UC Berkeley joined a collaboration announced Monday to make data gathered for neuroscience research easier to share and interpret.
Data in the field of neuroscience are not widely shared due to their magnitude and the differing data-collection languages labs use. Some scientists aim to develop a more standard framework that would make data more accessible to other researchers.
A small group of scientists from UC Berkeley, California Institute of Technology and New York University School of Medicine, along with other medical research institutes have teamed up with the goal of creating a standard sharing language.
Called “Neurodata without Borders,” the collaboration will create the language with the hope that it will become an international standard.
UC Berkeley neuroscience adjunct professor Friedrich Sommer hopes the project will “change the culture of neuroscience,” which does not have a history of data-sharing.
Other academic fields have more data-sharing efforts than neuroscience, where data frequently stay within one lab, said Jeff Teeters, a researcher and programmer analyst at UC Berkeley. He said one explanation could be the competitive spirit among neuroscientists and the lack of sharing incentives.
Gyorgy Buzsaki, a professor of neuroscience at NYU’s medical school, said he believes data are not more widely shared due to differences in the way they are gathered, which requires arduous efforts to interpret and hours of work.
“You would not look at a cute picture I promised would make you laugh if you had to download applications and go through a lot of work to see it,” he said as an analogy. “It’s just too much.”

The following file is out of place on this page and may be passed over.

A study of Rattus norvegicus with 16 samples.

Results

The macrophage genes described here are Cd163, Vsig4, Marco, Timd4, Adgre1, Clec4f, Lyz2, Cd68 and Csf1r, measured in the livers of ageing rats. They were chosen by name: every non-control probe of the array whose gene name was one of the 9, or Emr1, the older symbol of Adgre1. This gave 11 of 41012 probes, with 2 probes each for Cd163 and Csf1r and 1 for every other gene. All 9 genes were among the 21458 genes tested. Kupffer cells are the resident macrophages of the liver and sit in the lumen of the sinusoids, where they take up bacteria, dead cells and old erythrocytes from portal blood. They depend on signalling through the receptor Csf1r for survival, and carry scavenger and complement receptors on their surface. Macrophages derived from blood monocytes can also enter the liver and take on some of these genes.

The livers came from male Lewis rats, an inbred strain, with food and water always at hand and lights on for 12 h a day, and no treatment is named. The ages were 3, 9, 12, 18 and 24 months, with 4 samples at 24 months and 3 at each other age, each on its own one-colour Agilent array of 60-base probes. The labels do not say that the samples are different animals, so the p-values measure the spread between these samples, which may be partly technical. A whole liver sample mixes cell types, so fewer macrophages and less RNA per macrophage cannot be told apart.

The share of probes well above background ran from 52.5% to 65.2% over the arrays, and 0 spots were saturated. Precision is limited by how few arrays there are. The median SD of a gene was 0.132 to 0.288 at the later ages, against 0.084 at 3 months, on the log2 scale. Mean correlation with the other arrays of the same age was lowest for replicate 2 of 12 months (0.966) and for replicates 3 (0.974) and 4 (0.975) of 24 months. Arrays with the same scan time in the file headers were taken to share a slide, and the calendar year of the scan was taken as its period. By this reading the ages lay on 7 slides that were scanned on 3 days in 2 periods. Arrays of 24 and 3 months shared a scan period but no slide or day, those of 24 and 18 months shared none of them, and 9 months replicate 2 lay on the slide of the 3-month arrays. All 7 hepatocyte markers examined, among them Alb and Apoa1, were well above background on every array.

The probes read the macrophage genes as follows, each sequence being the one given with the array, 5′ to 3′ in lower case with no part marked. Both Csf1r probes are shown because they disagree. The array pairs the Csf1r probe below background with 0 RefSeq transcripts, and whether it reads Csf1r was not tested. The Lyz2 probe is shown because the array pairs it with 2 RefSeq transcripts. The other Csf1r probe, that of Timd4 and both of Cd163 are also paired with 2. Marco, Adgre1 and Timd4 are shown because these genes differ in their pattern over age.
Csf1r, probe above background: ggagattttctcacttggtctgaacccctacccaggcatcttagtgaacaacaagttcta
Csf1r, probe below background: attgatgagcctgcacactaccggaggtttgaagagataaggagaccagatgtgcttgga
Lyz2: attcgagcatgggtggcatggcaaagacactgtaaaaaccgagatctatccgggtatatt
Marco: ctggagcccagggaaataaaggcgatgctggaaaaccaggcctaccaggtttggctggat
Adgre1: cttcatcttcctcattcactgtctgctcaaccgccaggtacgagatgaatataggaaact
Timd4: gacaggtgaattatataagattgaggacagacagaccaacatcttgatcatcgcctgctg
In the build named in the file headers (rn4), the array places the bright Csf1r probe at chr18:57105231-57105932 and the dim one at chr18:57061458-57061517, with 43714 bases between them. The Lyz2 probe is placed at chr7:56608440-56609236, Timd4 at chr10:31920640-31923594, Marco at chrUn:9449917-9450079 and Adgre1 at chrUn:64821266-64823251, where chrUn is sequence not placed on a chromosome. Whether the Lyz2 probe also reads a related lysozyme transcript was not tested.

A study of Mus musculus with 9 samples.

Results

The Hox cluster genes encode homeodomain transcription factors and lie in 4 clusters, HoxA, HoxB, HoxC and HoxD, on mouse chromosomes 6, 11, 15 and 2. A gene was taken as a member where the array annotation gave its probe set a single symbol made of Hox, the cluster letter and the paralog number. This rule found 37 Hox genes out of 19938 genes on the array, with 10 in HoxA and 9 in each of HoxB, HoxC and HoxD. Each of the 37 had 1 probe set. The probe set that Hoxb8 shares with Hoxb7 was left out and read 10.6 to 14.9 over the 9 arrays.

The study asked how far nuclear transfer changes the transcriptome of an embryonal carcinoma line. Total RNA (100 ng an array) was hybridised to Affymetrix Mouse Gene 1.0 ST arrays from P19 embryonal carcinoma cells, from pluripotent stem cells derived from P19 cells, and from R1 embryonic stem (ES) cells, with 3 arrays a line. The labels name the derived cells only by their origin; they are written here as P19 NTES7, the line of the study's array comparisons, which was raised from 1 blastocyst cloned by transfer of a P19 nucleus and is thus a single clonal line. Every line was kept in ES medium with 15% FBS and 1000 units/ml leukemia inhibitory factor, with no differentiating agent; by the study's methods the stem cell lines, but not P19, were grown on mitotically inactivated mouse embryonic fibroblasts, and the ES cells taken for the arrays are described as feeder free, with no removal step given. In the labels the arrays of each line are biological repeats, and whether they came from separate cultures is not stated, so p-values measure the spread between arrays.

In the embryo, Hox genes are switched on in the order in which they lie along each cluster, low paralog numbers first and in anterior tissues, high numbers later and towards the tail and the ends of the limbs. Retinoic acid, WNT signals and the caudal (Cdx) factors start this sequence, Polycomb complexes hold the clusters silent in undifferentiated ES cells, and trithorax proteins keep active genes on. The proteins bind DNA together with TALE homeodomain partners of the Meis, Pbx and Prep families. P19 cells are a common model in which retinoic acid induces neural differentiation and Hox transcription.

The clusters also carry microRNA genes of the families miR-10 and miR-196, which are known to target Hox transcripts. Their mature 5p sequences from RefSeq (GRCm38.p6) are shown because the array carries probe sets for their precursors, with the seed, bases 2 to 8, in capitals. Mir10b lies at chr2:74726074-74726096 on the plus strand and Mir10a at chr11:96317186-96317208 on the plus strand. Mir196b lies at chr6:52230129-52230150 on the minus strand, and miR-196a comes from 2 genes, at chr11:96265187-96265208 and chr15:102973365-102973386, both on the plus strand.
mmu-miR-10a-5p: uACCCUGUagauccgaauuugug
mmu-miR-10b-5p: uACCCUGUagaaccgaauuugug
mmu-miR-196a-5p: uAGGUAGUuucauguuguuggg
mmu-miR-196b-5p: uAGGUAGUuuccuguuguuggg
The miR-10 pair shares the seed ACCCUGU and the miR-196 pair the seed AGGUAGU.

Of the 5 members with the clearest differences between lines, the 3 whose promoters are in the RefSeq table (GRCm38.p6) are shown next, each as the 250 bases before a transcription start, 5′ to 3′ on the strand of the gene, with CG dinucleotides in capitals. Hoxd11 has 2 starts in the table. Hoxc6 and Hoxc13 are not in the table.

As technology improves and researchers become better at interpreting data, Sommer said the need to share data is increasing because researchers may need others to examine their work. The collaborative project aims to create a framework that will be utilized among many different labs.
One problem in creating a standard language among researchers is the use of “metadata.” Metadata are data describing the context under which other data were gathered, such as temperature or a subject’s behavior.
Sommer and Teeters, who both work for the campus’s Redwood Center for Theoretical Neuroscience, have been working on a website that collects data from various researchers. The data collected on the site will be used to find commonalities among data languages to create a loose framework for data-sharing.
“We are finding we are still far from understanding what this very complex structure in our heads is doing,” Sommer said. “We feel that to get to the next stage of understanding in the field, that data-sharing is a very major part.”